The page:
A report by PwC and the Crypto Valley Association states 250 token offerings have been successfully completed this year up to May 2019.
Bitfinex’s IEO was the largest such offering, raising $1 billion, followed by GCBIB (Genesis Crypto Blockchain Investment Bank) which raised $143 million to establish a crypto friendly actual ordinary bank.
“The development of IEOs has accelerated significantly since the beginning of 2019,” says Daniel Diemers of PwC, adding:
“It reflects the creativity and innovative spirit of the crypto industry and shows that the demand for simple and secure solutions is growing.
IEOs show that fundraising via crypto currencies is becoming more established and striving for greater institutionalization and credibility.”
An astonishing $7 billion was raised in mainly Initial Coin Offerings (ICO) in 2017, with 2018 then continuing to break records as close to $20 billion was raised according to this report.
In 2019 there appears to be a trend in the rise of Security Token Offerings (STO) and IEOs:
IEOs in particular have grown in popularity due to ease of accessibility and low regulatory barriers.
STOs are token offerings registered with SEC usually under some exemption, while IEOs try to comply with crowdfunding rules and regulatory exemptions by the exchange undertaking due diligence and limiting the amount each individual can invest through AML and KYC requirements.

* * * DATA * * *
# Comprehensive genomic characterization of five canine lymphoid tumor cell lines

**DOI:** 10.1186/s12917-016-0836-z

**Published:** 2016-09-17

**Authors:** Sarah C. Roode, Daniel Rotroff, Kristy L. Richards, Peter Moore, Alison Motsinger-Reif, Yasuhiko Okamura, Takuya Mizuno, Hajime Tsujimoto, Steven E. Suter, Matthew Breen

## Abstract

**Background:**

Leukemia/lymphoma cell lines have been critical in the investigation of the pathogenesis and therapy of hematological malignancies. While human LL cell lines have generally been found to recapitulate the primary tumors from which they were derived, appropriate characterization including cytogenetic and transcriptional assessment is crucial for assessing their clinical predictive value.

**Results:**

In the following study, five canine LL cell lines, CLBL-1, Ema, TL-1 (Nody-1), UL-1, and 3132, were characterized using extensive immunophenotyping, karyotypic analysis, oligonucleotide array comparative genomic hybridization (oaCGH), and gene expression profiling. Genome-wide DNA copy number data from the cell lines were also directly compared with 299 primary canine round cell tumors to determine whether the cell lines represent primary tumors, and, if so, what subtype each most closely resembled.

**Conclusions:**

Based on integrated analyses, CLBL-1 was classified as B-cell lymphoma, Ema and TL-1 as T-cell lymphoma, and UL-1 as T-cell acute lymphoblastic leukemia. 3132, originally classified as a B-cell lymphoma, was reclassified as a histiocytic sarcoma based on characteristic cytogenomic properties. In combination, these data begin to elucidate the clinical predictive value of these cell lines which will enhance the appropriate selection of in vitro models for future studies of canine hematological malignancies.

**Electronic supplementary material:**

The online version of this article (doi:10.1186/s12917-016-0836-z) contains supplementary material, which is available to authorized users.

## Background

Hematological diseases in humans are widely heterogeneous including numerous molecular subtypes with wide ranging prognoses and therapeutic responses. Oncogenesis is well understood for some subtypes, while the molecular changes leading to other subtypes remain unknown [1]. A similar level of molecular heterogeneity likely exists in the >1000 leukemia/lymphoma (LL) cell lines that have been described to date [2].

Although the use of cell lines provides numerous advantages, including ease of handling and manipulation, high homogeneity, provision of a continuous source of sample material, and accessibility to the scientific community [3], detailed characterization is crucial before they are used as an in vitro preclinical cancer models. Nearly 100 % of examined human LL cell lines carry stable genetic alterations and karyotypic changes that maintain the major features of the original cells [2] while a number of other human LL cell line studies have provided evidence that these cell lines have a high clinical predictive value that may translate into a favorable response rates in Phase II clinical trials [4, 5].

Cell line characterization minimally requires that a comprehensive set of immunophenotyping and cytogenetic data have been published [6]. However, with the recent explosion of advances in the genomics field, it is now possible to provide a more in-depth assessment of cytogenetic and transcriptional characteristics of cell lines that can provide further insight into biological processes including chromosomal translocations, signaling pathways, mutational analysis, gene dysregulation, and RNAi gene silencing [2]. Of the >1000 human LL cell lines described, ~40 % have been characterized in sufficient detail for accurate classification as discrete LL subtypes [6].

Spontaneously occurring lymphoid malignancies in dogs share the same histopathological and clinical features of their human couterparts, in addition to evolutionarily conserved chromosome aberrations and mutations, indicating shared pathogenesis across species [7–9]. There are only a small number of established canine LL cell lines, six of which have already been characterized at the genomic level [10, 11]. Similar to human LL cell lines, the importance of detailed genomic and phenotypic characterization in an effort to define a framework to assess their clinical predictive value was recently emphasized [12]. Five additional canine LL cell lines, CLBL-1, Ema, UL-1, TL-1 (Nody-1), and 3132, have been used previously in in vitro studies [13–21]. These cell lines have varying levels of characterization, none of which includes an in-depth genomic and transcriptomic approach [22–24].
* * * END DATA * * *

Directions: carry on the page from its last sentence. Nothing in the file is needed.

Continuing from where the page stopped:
Initial Coin Offerings (ICO) on the other hand are similar to IPOs, but without having to go through banks. Using the blockchain instead.
ICOs have cooled down due to regulatory constrains in USA and because they’re being replaced with IEOs.
While in an ICO all you need is a website with everyone able to make such token offering depending on the regulatory environment, in an IEO the exchange acts as a gatekeeper and decides who can and can’t make this offering.
An STO is more describing their regulatory position as it can be both an ICO (open to all) and an IEO (platform based).
Just what is the regulatory status of IEOs is not very clear with lawmakers slow to catch up with developments.
That has increased criticisms of century old laws that many accuse of hampering and even chocking innovation.